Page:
Global renewable energy capacity surges by 50 percent in 2023

China records largest growth, exceeding IEA's forecast
Global renewable energy capacity surges by 50 percent in 2023
Global renewable energy capacity is expected to reach 7,300 gigawatts by 2028

The International Energy Agency (IEA) recently revealed in its Renewables 2023 report that the global expansion of renewable energy capacity experienced an astonishing 50 percent surge last year. Solar energy spearheaded this growth, constituting three-quarters of the overall expansion.

China, the world’s second-largest economy, emerged as the front-runner in renewable energy growth. Wind power additions in the country rose by an impressive 65 percent year-on-year. Moreover,  China commissioned as much solar photovoltaics (PV) as the entire world did in 2022. This remarkable feat contributed significantly to the global upswing.

Record highs across continents

Noteworthy growth in renewable energy capacity was not limited to China. Europe, the United States. Brazil also witnessed record-breaking highs in renewable energy capacity, underlining the global nature of the renewable energy revolution.

Contrary to the IEA’s previous forecast of 440 gigawatts for 2023, the actual addition stood at nearly 510 gigawatts. The report emphasized that, under existing policies and market conditions, global renewable energy capacity is expected to reach 7,300 gigawatts by 2028. Moreover,  solar and wind will account for 95 percent of that expansion.

Renewables surpass coal

Renewables are on track to overtake coal as the largest source of global electricity generation by early 2025, according to the IEA. Despite progress, challenges include the global economic environment and the need for increased financing and deployment in emerging and developing economies.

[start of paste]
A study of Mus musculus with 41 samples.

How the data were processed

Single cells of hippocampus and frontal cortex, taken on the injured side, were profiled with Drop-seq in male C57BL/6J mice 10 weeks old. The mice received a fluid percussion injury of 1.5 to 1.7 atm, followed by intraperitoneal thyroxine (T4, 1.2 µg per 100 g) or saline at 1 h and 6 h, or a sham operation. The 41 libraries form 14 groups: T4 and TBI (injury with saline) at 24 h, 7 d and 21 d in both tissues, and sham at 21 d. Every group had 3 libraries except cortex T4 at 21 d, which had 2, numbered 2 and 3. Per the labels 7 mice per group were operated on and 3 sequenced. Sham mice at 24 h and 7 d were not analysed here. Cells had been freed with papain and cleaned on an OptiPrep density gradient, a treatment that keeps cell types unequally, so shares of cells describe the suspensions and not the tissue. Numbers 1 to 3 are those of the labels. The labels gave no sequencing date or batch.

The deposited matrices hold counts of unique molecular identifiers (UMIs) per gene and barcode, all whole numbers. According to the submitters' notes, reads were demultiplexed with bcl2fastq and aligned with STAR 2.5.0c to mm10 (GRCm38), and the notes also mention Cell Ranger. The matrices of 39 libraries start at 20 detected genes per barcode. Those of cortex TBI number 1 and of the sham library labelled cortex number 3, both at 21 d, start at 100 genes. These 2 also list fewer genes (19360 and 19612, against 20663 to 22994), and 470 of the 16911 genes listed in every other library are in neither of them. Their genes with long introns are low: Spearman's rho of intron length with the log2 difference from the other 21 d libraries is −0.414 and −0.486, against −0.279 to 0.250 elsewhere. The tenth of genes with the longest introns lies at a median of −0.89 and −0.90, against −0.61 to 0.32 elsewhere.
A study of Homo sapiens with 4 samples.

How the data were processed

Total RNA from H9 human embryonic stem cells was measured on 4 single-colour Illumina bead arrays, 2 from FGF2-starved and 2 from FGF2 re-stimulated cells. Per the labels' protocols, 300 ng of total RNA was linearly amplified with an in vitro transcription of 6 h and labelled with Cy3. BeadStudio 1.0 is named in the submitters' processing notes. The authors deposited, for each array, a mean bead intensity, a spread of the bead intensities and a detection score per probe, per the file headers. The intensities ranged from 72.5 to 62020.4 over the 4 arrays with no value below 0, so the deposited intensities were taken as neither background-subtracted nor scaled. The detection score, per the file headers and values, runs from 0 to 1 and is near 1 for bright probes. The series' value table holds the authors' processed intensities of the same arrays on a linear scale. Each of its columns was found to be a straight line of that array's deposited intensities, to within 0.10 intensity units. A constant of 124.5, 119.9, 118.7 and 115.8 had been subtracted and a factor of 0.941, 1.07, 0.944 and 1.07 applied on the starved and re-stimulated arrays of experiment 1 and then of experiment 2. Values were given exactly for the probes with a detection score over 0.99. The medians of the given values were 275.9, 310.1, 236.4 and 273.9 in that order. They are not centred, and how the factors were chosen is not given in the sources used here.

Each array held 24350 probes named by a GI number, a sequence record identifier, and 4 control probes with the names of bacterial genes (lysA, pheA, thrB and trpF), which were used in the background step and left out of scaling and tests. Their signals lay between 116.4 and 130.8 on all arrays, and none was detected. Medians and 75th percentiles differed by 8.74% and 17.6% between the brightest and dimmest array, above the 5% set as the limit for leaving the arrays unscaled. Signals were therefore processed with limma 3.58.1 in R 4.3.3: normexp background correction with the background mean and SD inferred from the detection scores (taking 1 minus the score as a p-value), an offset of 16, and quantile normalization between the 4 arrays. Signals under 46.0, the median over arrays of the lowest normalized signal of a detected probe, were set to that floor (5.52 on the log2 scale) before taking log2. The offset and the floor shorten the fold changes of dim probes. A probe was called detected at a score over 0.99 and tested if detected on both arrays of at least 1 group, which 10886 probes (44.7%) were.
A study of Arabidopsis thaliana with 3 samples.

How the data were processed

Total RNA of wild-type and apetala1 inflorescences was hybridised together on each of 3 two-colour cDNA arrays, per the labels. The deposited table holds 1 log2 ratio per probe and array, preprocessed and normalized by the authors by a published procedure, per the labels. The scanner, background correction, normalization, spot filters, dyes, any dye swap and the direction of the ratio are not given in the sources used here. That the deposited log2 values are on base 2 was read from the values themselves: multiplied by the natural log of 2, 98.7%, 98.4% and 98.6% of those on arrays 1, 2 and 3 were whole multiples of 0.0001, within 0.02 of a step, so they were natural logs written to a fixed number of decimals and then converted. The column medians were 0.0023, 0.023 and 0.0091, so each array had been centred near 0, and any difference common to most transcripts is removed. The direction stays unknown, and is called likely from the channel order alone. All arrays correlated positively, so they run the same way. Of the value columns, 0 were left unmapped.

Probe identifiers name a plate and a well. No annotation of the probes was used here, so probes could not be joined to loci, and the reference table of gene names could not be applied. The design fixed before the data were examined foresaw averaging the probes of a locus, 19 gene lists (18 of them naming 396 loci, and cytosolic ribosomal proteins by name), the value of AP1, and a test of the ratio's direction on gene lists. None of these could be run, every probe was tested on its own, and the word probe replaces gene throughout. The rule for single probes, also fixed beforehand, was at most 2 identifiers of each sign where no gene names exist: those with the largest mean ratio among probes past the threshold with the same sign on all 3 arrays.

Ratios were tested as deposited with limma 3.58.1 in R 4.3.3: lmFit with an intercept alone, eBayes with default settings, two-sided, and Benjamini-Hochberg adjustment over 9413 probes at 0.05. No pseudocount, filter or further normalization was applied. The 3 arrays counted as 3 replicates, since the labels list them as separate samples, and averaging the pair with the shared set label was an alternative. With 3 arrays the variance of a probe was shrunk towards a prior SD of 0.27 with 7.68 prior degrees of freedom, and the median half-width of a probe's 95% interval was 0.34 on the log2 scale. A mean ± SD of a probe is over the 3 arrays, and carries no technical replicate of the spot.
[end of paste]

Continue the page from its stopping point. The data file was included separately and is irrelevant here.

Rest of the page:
Hence, the rapid scaling up of financing and deployment of renewables in economies is lagging behind. If states implement policies more swiftly, the world could witness a 21 percent increase in renewable energy capacity compared to the IEA’s baseline projection.  This could move the world closer to meeting the global tripling pledge.

Read: China operates world’s largest high-altitude wind farm in Tibet

Global trends and hurdles

The IEA expects significant growth in deploying solar PV and onshore wind through 2028 in the U.S., EU, India, and Brazil. Moreover, it expects solar module prices to drop further. However, challenges remain for the wind industry due to disruptions in the supply chain, higher costs, and lengthy permitting timelines.

On the other hand,  hydrogen projects involving renewables are progressing, which could exponentially increase renewable energy capacity. However, the IEA warns that consistent policies supporting demand are crucial. Of all the projects announced this decade involving the use of renewables to produce hydrogen, only 7 percent is expected to come online by 2030. This indicates the need for faster progress in reaching investment decisions and increased off-taker interest.

Biofuels on the rise

Biofuels, driven by Brazil and India, gained popularity, especially in sectors like air travel. However, the IEA cautioned that deploying biofuels is not happening quickly enough. It expects a substantial increase in demand by 2030 to align with net-zero goals.

MENA’s contribution

In line with the global shift towards renewable energy, the Middle East and North Africa region has significantly contributed to that transition. A report by the Global Energy Monitor revealed that the region has witnessed a 292 gigawatts surge in prospective renewable energy capacity. This marks a 400 percent year-over-year growth since 2022. The report also revealed that over 60 percent of the region’s projects involve green hydrogen production.

Moreover, the report highlighted the significant investments made by ACWA Power, a key player in Saudi Arabia’s energy transition. It also shed light on the contributions of the UAE government-owned renewable firm, Masdar.